As puppies, dogs do a lot of nipping and biting, and most puppies learn to control their biting between the age of two and four and a half months. Most dogs bite other dogs either in play or in aggression. When playing, if the biting gets too rough, they warn each other with a yelp. In this way, they can learn how to control the strength of their bites.
But the problem starts when your dog fights other dogs and displays aggressive behavior. To control it, you need to adopt certain measures. Do remember though, that certain breeds of dogs are more aggressive than other so you can plan your training accordingly.
- Begin teaching your puppy not to bite while it is still very young.
- Keep your dog on its leash when you’re taking it outside and you know there will be other dogs around.
- Train your dog to obey voice commands when you ask it to “Sit” or “Stay.” in this way, your dog will learn to wait for your permission before it approaches or greets another dog.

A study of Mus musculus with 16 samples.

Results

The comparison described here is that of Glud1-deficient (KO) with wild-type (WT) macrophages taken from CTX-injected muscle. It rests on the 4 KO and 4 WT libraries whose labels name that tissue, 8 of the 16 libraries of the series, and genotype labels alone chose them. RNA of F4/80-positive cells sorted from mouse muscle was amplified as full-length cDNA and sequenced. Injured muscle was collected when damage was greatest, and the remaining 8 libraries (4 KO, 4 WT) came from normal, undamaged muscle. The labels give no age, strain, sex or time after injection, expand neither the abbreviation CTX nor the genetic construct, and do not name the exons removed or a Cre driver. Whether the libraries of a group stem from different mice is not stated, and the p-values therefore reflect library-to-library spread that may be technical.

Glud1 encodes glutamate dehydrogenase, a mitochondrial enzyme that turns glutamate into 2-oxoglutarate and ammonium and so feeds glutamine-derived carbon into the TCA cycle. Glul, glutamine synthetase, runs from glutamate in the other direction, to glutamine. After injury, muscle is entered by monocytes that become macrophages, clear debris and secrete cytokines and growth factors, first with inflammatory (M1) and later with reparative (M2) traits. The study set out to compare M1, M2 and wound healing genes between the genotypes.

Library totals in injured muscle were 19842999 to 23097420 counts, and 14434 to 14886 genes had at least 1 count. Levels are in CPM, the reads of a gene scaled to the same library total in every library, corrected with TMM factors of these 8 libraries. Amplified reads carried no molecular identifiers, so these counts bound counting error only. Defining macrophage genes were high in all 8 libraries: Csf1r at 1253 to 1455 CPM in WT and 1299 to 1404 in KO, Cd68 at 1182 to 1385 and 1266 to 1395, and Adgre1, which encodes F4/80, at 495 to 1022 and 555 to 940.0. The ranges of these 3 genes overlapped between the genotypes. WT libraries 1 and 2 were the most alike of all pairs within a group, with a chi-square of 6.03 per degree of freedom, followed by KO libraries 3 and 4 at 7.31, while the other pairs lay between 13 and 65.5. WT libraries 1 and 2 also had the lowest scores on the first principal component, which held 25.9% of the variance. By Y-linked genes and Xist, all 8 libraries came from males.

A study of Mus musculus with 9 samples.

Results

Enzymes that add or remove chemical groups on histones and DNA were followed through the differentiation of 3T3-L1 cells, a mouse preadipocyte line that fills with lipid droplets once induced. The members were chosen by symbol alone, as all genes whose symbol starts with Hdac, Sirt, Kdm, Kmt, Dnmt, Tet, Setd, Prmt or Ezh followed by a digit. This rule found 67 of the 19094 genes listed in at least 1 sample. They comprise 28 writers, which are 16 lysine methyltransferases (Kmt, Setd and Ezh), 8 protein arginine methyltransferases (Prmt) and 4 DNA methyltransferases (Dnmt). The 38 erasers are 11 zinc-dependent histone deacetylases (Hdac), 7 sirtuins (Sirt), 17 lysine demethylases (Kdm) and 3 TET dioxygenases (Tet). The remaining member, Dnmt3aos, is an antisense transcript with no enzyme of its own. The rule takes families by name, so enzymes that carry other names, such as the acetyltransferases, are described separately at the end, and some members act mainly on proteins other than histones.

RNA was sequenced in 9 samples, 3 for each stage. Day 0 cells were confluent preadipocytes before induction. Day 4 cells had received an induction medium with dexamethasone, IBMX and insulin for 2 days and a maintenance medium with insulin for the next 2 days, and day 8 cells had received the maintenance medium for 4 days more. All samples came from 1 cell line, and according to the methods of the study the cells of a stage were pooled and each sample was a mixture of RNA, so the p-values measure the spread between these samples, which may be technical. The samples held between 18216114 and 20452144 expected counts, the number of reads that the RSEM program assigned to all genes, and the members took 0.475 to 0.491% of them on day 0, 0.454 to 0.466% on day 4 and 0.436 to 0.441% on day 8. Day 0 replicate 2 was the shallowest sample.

- You could consider not letting your dog sniff others so there is no risk of aggression.
- If you think your dog could bite if it is scared, consider muzzling it.
- Your dog might also bite other dogs if it thinks that dog is encroaching on its territory or a threat to its possessions. If this is the case, you need to train your dog to check with you before defending its territory.
- Dog society is hierarchical and when encountering another dog, yours will want to establish rank. Sometimes biting is one way to let the newcomer know of its status. You need to train your dog to remain close to you and keep its attention focused on you at all time.
With a few firm commands and training, you can make sure your dog doesn’t bite other dogs.